No Future For You
It’s hard to contemplate a better tomorrow when you’re mired in a present-day morass, and the travails of the Long Island Regional Planning Council offer its own troubling case study. The normally far-sighted nonprofit agency has had to scramble just to sustain itself after Nassau County Executive Ed Mangano cut his share of the funding in March. The budget had been split roughly in half, about $200,000 from each county.
“At this time when we have to look at every nickel and every dime, it’s just an unfortunate cut,” Brian Nevin, a spokesman for the Nassau County executive, tells the Press.
“We do have sufficient funds available for 2011,” says Cameron this week. “We’re looking for additional funding so we can implement Phase Two of our sustainability plan. We’ve received funding in the past from Nassau County’s general fund budget as well as the Nassau Industrial Development Agency, and we’re optimistic that the IDA will continue to support our programs and efforts as they have done in the past.”
This is hardly the first time Nassau County hasn’t paid its share, according to Koppelman, who served as Suffolk County’s first planning director for 28 years and executive director of the Nassau-Suffolk County Regional Planning Board for 41 years until it became the LIRPC. The master planner, who started his career in the waning days of Robert Moses, directs the Center for Regional Policy Studies at at Stony Brook University, which recently oversaw the Carmans River study. His memory remains as sharp as the day he first went to work for H. Lee Dennison, then the newly elected Suffolk County executive, in 1960.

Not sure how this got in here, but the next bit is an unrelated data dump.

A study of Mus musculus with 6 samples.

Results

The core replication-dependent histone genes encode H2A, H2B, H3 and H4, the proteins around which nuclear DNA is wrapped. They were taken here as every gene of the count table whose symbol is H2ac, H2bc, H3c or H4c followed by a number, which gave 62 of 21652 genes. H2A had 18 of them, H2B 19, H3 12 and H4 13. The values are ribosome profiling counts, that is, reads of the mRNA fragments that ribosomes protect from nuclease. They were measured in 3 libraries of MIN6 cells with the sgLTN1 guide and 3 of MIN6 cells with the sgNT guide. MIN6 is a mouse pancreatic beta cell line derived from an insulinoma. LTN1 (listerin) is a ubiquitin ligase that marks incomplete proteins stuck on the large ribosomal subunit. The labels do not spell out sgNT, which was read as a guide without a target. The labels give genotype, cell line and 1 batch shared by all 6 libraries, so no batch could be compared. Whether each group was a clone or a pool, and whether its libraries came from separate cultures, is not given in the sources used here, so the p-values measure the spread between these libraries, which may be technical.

“The basic problem we have at the present time is that planning is not on people’s radar screen as a priority,” Koppelman says. “Economic survival is.” He thought the timing of LIRPC’s release of its 2035 report “is not the best…
“Many of the strategies I totally agree with, but it’s strategies we’ve been pursuing all along,” he says.
As for the fate of the LIRPC itself, Koppelman sighed. “You could have regional coordination if you had a reasonably strong planning agency in Nassau, which doesn’t exist. But certainly at the very least you need the two county executives on the same wavelength dealing with regional problems.”
Getting Long Island’s top elected officials to see beyond their own borders is no easy task, Koppelman says, recalling how he once suggested to then-Nassau County Executive Tom Suozzi that he let Suffolk run a new sewage line to the Cedar Creek sewage treatment plant across the county line in Wantagh. Instead of having to rebuild its Bergen Point facility in West Babylon, Suffolk would pay Nassau sewage fees.
No way, Suozzi told the planner. “He didn’t like the idea at all,” Koppelman says with a chuckle. “His general comment was: ‘There goes Koppelman: He wants Nassau County to take all of Suffolk County’s shit!’ So much for regional cooperation!”